Birth sex ratios can be altered by social and environmental factors, research suggests.
Credit: zurijeta | Shutterstock.com
Having many sons may shorten women's lives after their last birth more than having daughters, according to new research.
The findings, which came from a group of Finnish women born mostly before industrialization, are correlational, so they can't prove sons actually cause shorter lives for their moms relative to daughters. And because the effect varies across the world, social factors, rather than intrinsic biological effects, may be to blame.
But the study, published today (Feb. 26) in the journal Biology Letters, suggests that cultural differences in how sons and daughters have historically been raised may affect women's life spans.
"Adult sons may be beneficial for their parental well-being and thus survival in some countries, but girls may be beneficial in other countries," study co-author Samuli Helle, an evolutionary ecologist at the University of Turku in Finland, wrote in an email.
Pregnancy and breast-feeding both require extra nutrients and calories.
That extra energy requirement can take a toll on women who have more children and shorten their lives, even if they start out healthier than other women to begin with, said Grazyna Jasienska, a biological anthropologist at Jagiellonian University in Poland, who was not involved in the study. [8 Odd Ways a Woman's Body Changes During Pregnancy]
And because males are born slightly heavier than females on average, researchers have hypothesized that they may require more nutrients, making them more reproductively costly to rear.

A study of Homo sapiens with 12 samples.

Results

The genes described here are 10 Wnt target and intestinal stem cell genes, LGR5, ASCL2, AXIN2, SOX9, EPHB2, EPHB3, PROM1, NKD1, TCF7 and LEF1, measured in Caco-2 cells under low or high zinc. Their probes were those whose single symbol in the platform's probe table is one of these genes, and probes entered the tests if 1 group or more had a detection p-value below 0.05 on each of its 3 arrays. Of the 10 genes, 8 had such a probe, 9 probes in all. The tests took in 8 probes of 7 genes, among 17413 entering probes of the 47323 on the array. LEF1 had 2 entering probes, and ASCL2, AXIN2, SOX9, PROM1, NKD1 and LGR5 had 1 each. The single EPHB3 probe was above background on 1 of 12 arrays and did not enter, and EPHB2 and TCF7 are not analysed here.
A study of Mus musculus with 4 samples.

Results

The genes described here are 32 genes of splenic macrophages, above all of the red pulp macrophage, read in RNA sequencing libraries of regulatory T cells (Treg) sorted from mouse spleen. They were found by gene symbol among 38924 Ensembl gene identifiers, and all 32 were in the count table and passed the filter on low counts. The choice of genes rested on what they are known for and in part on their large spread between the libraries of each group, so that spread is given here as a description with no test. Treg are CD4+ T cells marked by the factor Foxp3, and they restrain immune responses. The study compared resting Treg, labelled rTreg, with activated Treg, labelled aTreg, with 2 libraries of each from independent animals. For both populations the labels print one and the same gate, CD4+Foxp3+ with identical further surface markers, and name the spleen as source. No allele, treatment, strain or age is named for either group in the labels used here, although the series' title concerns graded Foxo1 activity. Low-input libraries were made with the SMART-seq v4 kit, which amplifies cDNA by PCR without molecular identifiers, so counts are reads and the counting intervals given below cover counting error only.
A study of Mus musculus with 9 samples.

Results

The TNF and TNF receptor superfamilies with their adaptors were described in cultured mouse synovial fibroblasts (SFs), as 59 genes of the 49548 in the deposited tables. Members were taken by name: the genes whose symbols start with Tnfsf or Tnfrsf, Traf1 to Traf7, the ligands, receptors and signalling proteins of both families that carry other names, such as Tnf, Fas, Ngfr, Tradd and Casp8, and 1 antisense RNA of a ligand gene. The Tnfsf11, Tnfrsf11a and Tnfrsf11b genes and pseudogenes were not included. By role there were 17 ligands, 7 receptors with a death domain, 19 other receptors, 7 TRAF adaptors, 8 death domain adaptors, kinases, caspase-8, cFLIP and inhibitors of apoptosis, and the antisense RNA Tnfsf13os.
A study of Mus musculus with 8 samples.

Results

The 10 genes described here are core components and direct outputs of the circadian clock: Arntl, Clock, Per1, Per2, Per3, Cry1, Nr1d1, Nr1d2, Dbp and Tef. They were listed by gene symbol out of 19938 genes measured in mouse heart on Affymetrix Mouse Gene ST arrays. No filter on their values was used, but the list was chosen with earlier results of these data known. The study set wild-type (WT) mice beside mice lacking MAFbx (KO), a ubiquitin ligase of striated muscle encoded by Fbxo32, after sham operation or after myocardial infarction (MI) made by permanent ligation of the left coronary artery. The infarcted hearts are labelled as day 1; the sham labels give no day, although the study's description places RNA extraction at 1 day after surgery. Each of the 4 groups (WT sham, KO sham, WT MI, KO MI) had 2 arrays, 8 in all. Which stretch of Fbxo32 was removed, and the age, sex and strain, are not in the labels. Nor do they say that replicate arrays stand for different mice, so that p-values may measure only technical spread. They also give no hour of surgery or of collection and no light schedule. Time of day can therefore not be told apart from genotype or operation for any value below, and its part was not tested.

But studies throughout the world have shown conflicting effects. In China, males seem to confer a longevity advantage, for instance.
To see how the effect played out in Finland, Helle and his colleagues tracked Lutheran church parish records for more than 11,000 women and their children from the last three centuries. The vast majority of the women were born before 1960.
The more sons a woman had, the more likely she was to live a shorter time after last giving birth. The effect held whether women were rich or poor.
The reason for this shortening probably doesn't have to do with the extra energetic costs associated with boys during pregnancy and infancy, Jasienska told LiveScience.
Instead, it probably reflects the prevailing social norms at the time.
"Girls in many traditional societies are, as we know, much more helpful to mothers than boys," Jasienska said. "They may help with child care, they may help with many tasks."
And because the study was looking at a mostly pre-industrial society, where food was scarcer and woman had no birth control, the effects may not persist today, Helle wrote.
"One could speculate that owing to modern medical care, smaller family size and more abundant resources, the biological costs of reproduction might not play that important role in modern societies anymore," Helle wrote.
But other social differences could still make sons and daughters affect women's longevity differently, he added.